Oklahoma Sooners

Jalen Hurts May Not Be Perfect But He’s Oklahoma’s Best Chance Against LSU

M. Hofeld


Jalen Hurts hasn’t been perfect as Oklahoma’s quarterback but he has been spectacular. While he’s most likely going to watch LSU’s Joe Burrow take home the Heisman Trophy this coming Saturday, it won’t remove an ounce of his value to the view of the college football landscape from Norman, Oklahoma.

The criticism of Jalen Hurts seems to be a matter of perspective rather than a matter of production. Some members of Sooner Nation have made repeated calls for Hurts to ride the pine in favor of freshman Spencer Rattler in light of ball security issues. However, that perspective fails to take into account four new offensive line starters in 2019, a talented but very young crop of receivers, and the fact that a true freshman isn’t going to bring this team back from a 25 point deficit in Waco, Texas.

While only a small minority of the fan base holds to these beliefs, the reality of the situation is that the appreciation of Hurts’ contributions to the 2019 college football season are held in high regard not just from the vast majority of the fans clad in crimson and cream on game days, but across the nation as well.

Hurts has made a historic run in what has resulted in a career season for him. He ranks Top 10 in just about every major passing category while also accomplishing feats seldom seen.

CategoryStatNational Rank
Yards/Pass Attempt11.81st
Pts. Responsible For/Game23.7T1st
TDs Accounted For51T1st
Total Offense376.13rd
Pass Efficiency Rating200.33rd
Completion Pct.71.84th
Rushing TDs187th
Passing TDs3210th

Here’s the truth. Oklahoma is 12-1 and in the College Football Playoff because of Jalen Hurts. Averaging 279.5 passing yards and 96.5 rushing yards per game, and by accounting for 51 touchdowns (tied for the national lead), the Sooners lead the country in yards per play (8.2) and are second in yards per game (554.2) due to the guy pulling the trigger.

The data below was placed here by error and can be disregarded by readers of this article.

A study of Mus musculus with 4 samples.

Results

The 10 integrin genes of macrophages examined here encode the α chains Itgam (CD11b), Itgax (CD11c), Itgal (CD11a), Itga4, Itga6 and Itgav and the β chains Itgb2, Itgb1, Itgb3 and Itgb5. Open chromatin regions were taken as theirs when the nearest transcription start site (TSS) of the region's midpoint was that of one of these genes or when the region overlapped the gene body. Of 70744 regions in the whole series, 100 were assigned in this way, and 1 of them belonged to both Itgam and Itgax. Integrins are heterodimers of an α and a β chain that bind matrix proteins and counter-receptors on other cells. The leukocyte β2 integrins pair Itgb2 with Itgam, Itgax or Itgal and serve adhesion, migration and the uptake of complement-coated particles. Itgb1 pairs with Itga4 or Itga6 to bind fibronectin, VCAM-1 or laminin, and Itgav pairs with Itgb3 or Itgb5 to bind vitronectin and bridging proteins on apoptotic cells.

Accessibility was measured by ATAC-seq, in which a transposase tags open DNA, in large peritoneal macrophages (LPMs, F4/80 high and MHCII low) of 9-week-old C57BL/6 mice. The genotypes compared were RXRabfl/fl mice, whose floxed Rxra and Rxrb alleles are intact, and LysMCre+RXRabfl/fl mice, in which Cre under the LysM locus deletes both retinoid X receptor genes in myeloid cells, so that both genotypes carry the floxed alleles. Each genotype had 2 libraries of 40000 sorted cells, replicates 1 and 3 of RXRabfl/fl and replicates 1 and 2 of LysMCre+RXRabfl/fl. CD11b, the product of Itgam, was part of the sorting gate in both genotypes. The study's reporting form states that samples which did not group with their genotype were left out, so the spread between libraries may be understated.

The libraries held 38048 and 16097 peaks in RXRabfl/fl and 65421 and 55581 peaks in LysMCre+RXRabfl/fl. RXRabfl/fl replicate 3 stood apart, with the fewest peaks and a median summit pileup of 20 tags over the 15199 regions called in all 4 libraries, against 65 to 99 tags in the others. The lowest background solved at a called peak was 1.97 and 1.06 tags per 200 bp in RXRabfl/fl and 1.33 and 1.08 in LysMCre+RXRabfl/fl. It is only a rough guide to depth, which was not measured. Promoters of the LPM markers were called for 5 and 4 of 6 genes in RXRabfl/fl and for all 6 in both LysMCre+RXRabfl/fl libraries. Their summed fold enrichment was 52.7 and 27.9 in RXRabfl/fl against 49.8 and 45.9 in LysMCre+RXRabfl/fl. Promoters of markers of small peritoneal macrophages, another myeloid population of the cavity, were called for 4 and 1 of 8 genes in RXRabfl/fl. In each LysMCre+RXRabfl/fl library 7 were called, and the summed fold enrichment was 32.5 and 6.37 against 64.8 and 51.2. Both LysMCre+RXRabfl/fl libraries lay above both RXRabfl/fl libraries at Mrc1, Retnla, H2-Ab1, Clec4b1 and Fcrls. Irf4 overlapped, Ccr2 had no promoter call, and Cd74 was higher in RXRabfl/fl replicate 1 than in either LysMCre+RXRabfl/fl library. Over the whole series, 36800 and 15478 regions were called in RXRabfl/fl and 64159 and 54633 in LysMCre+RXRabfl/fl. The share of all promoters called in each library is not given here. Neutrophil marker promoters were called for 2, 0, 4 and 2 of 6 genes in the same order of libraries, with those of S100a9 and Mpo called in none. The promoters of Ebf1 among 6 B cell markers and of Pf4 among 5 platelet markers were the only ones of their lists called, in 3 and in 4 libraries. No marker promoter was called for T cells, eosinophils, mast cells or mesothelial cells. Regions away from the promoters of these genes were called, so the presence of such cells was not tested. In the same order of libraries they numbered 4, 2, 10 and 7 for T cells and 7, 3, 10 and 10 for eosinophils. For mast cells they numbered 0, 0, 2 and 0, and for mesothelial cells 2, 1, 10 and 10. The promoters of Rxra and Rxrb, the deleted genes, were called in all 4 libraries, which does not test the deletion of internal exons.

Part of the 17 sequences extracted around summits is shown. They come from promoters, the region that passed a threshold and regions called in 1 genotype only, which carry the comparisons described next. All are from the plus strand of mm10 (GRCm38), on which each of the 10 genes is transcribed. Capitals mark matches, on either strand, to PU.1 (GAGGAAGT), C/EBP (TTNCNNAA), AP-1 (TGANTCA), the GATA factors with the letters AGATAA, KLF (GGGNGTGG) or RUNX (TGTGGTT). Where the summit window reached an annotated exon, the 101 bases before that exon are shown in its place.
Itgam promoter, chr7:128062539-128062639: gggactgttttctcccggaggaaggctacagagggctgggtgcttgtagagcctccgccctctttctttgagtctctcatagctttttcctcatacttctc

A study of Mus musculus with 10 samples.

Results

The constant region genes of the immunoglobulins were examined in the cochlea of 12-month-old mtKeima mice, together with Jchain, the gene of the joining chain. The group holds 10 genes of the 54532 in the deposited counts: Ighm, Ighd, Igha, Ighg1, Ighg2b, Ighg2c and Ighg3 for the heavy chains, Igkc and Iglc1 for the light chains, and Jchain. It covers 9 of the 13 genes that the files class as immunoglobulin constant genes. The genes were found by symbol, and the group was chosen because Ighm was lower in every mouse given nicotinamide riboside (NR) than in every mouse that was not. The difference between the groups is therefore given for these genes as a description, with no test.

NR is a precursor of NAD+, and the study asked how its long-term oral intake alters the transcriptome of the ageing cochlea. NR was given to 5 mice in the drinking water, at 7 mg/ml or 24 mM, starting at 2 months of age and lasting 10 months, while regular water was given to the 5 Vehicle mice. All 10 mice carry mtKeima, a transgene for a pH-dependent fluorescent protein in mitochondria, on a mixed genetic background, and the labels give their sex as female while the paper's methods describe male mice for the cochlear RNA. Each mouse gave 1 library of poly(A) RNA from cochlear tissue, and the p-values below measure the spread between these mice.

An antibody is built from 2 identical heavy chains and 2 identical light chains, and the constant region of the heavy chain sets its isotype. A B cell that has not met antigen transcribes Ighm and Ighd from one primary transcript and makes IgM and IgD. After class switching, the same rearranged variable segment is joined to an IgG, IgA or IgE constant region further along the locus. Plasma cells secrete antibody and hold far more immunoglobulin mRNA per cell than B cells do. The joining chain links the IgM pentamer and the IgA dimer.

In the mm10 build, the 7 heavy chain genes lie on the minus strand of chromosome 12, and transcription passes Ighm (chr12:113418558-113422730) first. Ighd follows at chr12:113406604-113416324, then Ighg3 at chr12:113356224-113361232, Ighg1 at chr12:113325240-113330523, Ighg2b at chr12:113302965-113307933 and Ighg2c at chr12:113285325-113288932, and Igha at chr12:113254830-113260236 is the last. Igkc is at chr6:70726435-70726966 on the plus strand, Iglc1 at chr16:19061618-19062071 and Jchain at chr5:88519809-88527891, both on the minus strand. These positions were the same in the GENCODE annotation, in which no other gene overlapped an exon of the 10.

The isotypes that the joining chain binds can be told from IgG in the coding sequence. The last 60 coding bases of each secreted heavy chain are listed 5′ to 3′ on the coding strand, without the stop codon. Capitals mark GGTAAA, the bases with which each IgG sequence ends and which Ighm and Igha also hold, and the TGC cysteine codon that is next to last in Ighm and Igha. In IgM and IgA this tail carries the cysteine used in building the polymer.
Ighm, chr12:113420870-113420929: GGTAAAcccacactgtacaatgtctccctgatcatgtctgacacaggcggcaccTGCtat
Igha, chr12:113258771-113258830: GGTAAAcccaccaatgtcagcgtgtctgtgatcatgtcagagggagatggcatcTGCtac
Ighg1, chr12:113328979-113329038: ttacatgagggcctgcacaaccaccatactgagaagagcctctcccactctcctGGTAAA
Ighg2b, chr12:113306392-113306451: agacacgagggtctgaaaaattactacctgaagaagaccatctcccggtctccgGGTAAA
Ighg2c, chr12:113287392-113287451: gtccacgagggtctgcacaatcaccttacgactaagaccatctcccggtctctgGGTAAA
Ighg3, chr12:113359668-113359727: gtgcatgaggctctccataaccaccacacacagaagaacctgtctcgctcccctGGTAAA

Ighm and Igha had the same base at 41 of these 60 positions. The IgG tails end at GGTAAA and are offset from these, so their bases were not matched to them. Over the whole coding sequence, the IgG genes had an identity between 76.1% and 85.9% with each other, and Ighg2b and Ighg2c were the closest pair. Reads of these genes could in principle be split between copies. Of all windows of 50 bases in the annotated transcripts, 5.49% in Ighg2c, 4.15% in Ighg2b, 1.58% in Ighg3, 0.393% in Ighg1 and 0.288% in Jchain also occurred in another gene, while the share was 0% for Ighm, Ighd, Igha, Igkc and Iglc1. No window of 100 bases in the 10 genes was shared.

Hurts’ 71.8 completion percentage is on pace to break the OU single-season record of 70.9 by eventual Heisman Trophy winner Baker Mayfield in 2016. And his 200.3 passing efficiency rating is better than the FBS single-season record of 199.4 set by Alabama’s Tua Tagovailoa last season.

To take matters a step further, Jalen Hurts is Oklahoma’s best chance against LSU when the two play in the College Football Playoff semi-final at the Peach Bowl. Of the four starting quarterbacks in the CFP Hurts and Clemson’s Trevor Lawrence are the most experienced yet the least talked about. I would be willing to bet that will change within the next three weeks.

Quick Notes & Numbers On Jalen Hurts
•  Hurts leads the nation in yards per pass attempt (11.8; FBS record is 11.6), yards per completion (16.4), points responsible for per game (23.7; tied) and touchdowns accounted for (51; tied). His 200.3 passing efficiency rating is higher than the FBS single-season record of 199.4 set by Tua Tagovailoa last season. 

•  Hurts is one of just two players nationally since at least 1996 to record 32-plus passing TDs and 18-plus rushing TDs in a season (Florida’s Tim Tebow had 32 and 23, respectively, in 2007 [including bowl game] when he won the Heisman Trophy). 

•  Hurts became only the third FBS player to register at least 3,000 passing yards and 1,000 rushing yards by the 11th game of a season. Louisville’s Lamar Jackson in 2016 and ’17 and Texas A&M’s Johnny Manziel in 2012 also accomplished the feat. Jackson (2016) and Manziel won the Heisman Trophy. 

•  Hurts is the only player nationally this season with five games of two-plus rushing TDs and two-plus passing TDs (Louisiana-Monroe’s Caleb Evans [three] is the only other player with more than two).
 •  Hurts is a finalist for the Maxwell Award (collegiate player of the year), Davey O’Brien Quarterback of the Year Award, Manning Award, Johnny Unitas Golden Arm Award and Senior CLASS Award.